An airline boss has admitted to "multiple failures" after a boy managed to board one of its planes without tickets during the security alert.
The boy passed through all security checks in the airport building
The 12-year-old, believed to be from Penrith in Cumbria, was found on Monday's 0600 BST Monarch flight from Gatwick Airport before it took off.
Tim Jeans, managing director of Monarch Airlines, said there were issues that "must and will be addressed".
Airport operator BAA said the boy had passed through security procedures.
Mr Jeans added: "I think it's equally important that the final line of security did work.
"That's the check when passengers get on board the aircraft and their boarding cards are checked but of course it shouldn't have got that far."
Chris Garton, operational solutions director for BAA at Gatwick Airport, said a full investigation was being carried out with the police and Monarch Airlines.
"We are aware that the boy was identified without documentation but we're absolutely confident from the investigation so far that he was thoroughly searched and passed through the full security screening process," he said.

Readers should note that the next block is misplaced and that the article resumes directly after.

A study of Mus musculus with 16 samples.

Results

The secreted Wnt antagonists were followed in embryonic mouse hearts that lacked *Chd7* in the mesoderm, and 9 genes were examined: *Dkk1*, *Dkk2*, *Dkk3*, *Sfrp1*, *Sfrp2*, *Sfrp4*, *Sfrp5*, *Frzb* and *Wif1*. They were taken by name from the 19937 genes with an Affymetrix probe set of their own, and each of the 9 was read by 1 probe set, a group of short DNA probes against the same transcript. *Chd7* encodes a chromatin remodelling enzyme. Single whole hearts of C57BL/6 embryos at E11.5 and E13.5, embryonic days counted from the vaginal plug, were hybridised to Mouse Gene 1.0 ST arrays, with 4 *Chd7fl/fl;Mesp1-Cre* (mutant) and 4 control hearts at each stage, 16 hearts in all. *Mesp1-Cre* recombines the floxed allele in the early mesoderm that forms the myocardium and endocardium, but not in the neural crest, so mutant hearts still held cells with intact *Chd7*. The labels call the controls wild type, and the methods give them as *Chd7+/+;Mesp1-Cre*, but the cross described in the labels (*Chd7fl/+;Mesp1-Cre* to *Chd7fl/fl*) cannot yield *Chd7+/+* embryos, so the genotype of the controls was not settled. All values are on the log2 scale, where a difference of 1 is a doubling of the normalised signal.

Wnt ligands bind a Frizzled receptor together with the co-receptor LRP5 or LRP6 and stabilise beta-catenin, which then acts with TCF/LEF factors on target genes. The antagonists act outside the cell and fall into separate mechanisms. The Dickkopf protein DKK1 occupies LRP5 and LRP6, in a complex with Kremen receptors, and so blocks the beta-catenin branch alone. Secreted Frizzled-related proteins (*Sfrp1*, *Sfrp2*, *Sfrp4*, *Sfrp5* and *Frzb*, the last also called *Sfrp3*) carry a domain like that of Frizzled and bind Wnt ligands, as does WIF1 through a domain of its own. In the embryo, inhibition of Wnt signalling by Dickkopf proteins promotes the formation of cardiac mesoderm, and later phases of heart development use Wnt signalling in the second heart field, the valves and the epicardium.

"The main issue for me is to reiterate to our travellers and to our customers that at no time was there any threat to passengers, staff or to the aircraft."
The boy, who took a train to Gatwick Airport after running away from a privately-run care home in Wirral, Merseyside, was heading to Lisbon.
Staff only realised the boy was a stowaway after he had sat down and been served with a soft drink.
A spokesman for Wigan Metropolitan Borough Council, which is responsible for his care, said: "He is not permanently confined to the home and the police were alerted as soon as it was realised he had absconded.
"We will be reviewing his care arrangements and any future risk management issues."
The Commission for Social Care Inspection backed the care home, but said increased supervision was now in place.
Conservative MP and former shadow home secretary Ann Widdecombe said she found it "perfectly flabbergasting" the boy was able to board the plane.
She said: "He could get through the whole lot including boarding the plane itself before anyone discovered that he hadn't got a passport, hadn't got a ticket, hadn't got a boarding pass, hadn't got an anything.
"It would be amazing any time and any place but in the present climate that really is amazing."
Meanwhile passengers at Gatwick Airport are continuing to experience disruption with 11 British Airways domestic flights from the airport cancelled on Wednesday.